His was the first Friday evening bar mitzvah at The Temple, which he celebrated in November 1995. An only child whose mother, Suzanne Utley, worked at The Temple, he spent many afternoons helping out there, a place he considered a second home. One summer, Utley packed its entire library into storage, and after an addition was completed he set up workstations for computers so the teachers and librarians were prepared for religious school.

Utley – now 39 and the director of the Mandel Jewish Community Center’s Camp Wise in Claridon Township – attended Rabbi Roger Klein’s Saturday morning Torah study with his father, William Utley, as well.

“We started studying Hebrew in third grade, and we had midweek Hebrew classes. (I) may or may not have been thrown out of Hebrew class a few times,” Utley remembers. His formal tutoring started in the sixth grade.

Growing up attending public schools in South Euclid and Beachwood, Utley was inspired to attend Goldman Union Camp Institute in Zionsville, Ind., by both Rabbi Rosette Barron Haim and the late Rabbi Benjamin Kamin, then-senior rabbi at The Temple. He was hooked on camp after the first summer.

“A lot of the tutoring I did (was) while I was at camp over the summer,” he recalls. “At GUCI, all the clergy from different regional synagogues would come and stay there over the summer, and so you got to tutor with them.”

He worked with Kamin and with Rabbi Lewis Kamrass of Cincinnati over the summers.

“I remember distinctly bringing my Sony Walkman with the cassette tape and the headphones, and having to press play and rewind and play and rewind and play and rewind to listen to the verses of Torah over and over again,” he says.

Back home, Utley was frequently the only person his age attending services on Friday nights with his parents.

“I enjoyed meeting people of all generations at the synagogue and learning the stories of people who were the leaders of the synagogue at the time or who had been past presidents,” he says, adding that he has a specific memory of sitting across the aisle from businessman and philanthropist Morton Mandel during the High Holy Days.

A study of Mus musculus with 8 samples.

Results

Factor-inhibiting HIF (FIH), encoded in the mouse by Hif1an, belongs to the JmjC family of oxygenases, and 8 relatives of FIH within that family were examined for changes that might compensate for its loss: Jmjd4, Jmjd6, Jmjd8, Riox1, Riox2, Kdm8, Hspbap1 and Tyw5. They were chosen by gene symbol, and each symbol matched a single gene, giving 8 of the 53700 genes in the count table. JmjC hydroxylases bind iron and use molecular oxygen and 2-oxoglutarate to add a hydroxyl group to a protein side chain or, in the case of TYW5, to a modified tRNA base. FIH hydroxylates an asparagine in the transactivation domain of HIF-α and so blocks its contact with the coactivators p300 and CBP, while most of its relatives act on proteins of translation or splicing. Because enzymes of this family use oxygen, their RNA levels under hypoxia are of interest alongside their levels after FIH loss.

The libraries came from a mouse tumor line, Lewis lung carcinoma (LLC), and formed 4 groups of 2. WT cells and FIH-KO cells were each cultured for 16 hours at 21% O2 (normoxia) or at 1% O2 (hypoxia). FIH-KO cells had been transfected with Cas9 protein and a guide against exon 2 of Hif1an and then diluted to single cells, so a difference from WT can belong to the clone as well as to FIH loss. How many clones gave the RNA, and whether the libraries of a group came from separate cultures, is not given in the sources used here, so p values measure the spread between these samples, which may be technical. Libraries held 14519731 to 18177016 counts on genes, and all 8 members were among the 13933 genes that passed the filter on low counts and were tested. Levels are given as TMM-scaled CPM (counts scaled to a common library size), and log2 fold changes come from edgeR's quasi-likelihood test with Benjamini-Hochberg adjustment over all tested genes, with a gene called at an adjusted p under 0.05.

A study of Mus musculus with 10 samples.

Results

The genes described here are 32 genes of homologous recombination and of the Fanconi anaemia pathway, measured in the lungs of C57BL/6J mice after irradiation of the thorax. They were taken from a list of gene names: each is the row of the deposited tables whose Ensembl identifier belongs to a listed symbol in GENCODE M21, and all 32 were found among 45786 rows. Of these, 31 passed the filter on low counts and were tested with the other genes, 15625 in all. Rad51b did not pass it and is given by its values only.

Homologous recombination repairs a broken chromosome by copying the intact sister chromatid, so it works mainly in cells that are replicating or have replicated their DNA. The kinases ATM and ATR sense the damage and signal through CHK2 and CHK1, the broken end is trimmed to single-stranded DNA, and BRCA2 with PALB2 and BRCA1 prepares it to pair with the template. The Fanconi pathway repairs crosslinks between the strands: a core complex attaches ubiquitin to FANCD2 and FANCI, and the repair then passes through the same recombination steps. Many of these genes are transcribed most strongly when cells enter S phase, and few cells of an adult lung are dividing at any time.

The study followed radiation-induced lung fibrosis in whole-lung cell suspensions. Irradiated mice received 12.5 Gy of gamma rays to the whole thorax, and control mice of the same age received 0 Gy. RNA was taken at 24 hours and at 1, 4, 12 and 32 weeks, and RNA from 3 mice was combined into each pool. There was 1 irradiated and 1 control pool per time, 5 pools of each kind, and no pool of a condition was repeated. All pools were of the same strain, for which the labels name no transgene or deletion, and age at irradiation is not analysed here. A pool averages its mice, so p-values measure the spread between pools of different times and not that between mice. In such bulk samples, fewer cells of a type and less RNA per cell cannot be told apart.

Utley remembers reading and translating Torah verse by verse, not chanting trope.

“They were very classical Reform,” he says of The Temple. “At the time, they were starting a model of reading the Torah on Friday nights.”

For his bar mitzvah, Utley was expected to lead the service from start to finish – alone on the bimah. He was a fourth-generation member of The Temple on his mother’s side, and having generations gather for his ceremony held deep meaning to him at the time and since, he says.


Utley says prior to his bar mitzvah he had attended b’nai mitzvah of cousins at a Conservative synagogue and that he felt “a little bit lucky” that the service at The Temple would be just an hour.

Just a couple years before his bar mitzvah, Utley’s father had converted to Judaism after studying with Haim, adding a deepened significance to his experience.

“I remember there was a big snowstorm the weekend of my bar mitzvah,” Utley says of what he described as a freak November lake-effect snowstorm. “We were concerned about people being able to come in town.”

His Torah portion was Toldot about Jacob and Esau.

“That was interesting that I had a Torah portion that was about siblings when I didn’t have any siblings. ... It was like trying to figure out how to relate to this story that was very removed from my own experience,” he says.

He says he enjoyed public speaking for the first time, although he recalls being nervous and was embarrassed that he didn’t cue the congregation properly around the recitation of the Sh’ma.


“I remember asking everyone to sit down, and I had forgotten that the choir was also going to sing the Sh’ma,” he says. “I was like, ‘Oops, stand up everybody.’ It was kind of funny. I was petrified I had done the wrong thing.”

At the same time, Utley remembers that he found leading the service to be a comfortable experience.

“My nose was running incessantly, so I was constantly reaching for Kleenex and cups of water,” he says. “I remember Rabbi Kamin making a joke about, you know, I already know where everything is on the bimah, I should think about that someday when I plan on being a rabbi. … And I was like, ‘Yeah, no, not going to be a rabbi.’”

His camp experiences also stayed with him through the big day – and clearly far into the future.

“Camp was so different. It was so inclusive, and it just spoke to who I was and the music that I was listening to, and was a singing experience that we all shared together,” he says. “I couldn’t find that in my synagogue at the time. And that was something I was sad about.” 

Publisher’s note: Rabbi Rosette Barron Haim is a member of the Cleveland Jewish Publication Company Board of Directors.